Anne-Sophie Mutter (born 29 June 1963) is a German violinist. Born and raised in Rheinfelden, Baden-Württemberg, Mutter started playing the violin at age five and continued studies in Germany and Switzerland. She was supported early in her career by Herbert von Karajan and made her orchestral debut with the Berlin Philharmonic in 1977. Since Mutter gained prominence in the 1970s and 1980s, she has recorded over 50 albums and performed as a soloist with leading orchestras worldwide and as a recitalist. Her primary instrument is the Lord Dunn–Raven Stradivarius violin.
Mutter's repertoire includes traditional classical violin works from the Baroque period to the 20th century, but she also is known for performing, recording, and commissioning new works by present-day composers. As an advocate of contemporary music, she has had several works composed especially for her, by Thomas Adès, Unsuk Chin, Sebastian Currier, Henri Dutilleux, Sofia Gubaidulina, Witold Lutosławski, Norbert Moret, Krzysztof Penderecki, André Previn, Wolfgang Rihm, Jörg Widmann, and John Williams.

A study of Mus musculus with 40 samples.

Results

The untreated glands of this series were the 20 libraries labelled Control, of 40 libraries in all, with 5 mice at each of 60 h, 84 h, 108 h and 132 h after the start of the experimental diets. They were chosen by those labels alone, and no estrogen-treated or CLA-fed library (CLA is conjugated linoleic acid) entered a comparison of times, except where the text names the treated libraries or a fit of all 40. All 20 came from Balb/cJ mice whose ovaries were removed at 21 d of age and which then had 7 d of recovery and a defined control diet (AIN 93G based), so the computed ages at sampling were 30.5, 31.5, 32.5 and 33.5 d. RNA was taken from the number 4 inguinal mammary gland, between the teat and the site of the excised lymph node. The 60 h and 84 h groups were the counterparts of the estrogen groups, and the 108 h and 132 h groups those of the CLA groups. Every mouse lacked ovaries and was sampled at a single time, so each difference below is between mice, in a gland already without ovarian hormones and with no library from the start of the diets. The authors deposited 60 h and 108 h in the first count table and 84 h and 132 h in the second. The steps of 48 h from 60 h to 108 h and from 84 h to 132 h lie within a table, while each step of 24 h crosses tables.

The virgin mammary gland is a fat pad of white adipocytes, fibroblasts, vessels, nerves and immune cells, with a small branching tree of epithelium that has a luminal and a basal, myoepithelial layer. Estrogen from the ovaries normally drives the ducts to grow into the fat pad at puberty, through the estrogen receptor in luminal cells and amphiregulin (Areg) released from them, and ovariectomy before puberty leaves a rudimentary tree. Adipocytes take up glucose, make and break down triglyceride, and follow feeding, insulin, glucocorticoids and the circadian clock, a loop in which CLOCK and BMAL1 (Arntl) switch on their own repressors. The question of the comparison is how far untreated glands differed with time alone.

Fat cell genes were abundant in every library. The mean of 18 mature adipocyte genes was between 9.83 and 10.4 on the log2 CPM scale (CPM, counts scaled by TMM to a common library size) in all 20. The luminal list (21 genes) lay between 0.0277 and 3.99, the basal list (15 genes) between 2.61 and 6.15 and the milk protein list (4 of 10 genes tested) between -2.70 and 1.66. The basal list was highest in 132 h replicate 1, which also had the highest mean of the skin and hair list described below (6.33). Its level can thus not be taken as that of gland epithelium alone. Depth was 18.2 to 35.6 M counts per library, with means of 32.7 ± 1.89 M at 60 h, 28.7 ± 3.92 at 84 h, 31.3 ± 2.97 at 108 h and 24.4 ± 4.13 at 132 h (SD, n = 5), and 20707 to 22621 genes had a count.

Mutter has received numerous awards and prizes, including four Grammy Awards (1994, 1999, 2000, and 2005), Echo Klassik awards (2009, 2014), the Grand Decoration of Honour of Austria (2007), the Grand Cross Order of Merit of the Federal Republic of Germany (2009), France's Legion of Honour (2009), Spain's Gold Medal of Merit in the Fine Arts (2016), Romania's Grand Cross National Order of Merit (2017), Poland's Gold Medal for Merit to Culture – Gloria Artis (2018), Japan's Praemium Imperiale (2019), the Polar Music Prize (2019), and holds honorary memberships at the Royal Academy of Music (1986) and American Academy of Arts and Sciences (2013).
Mutter founded the Association of Friends of the Anne-Sophie Mutter Foundation e.V. in 1997 and the Anne-Sophie Mutter Foundation in 2008, which support young string musicians. She frequently gives benefits concerts and, since 2021, has been the president of the German Cancer Aid.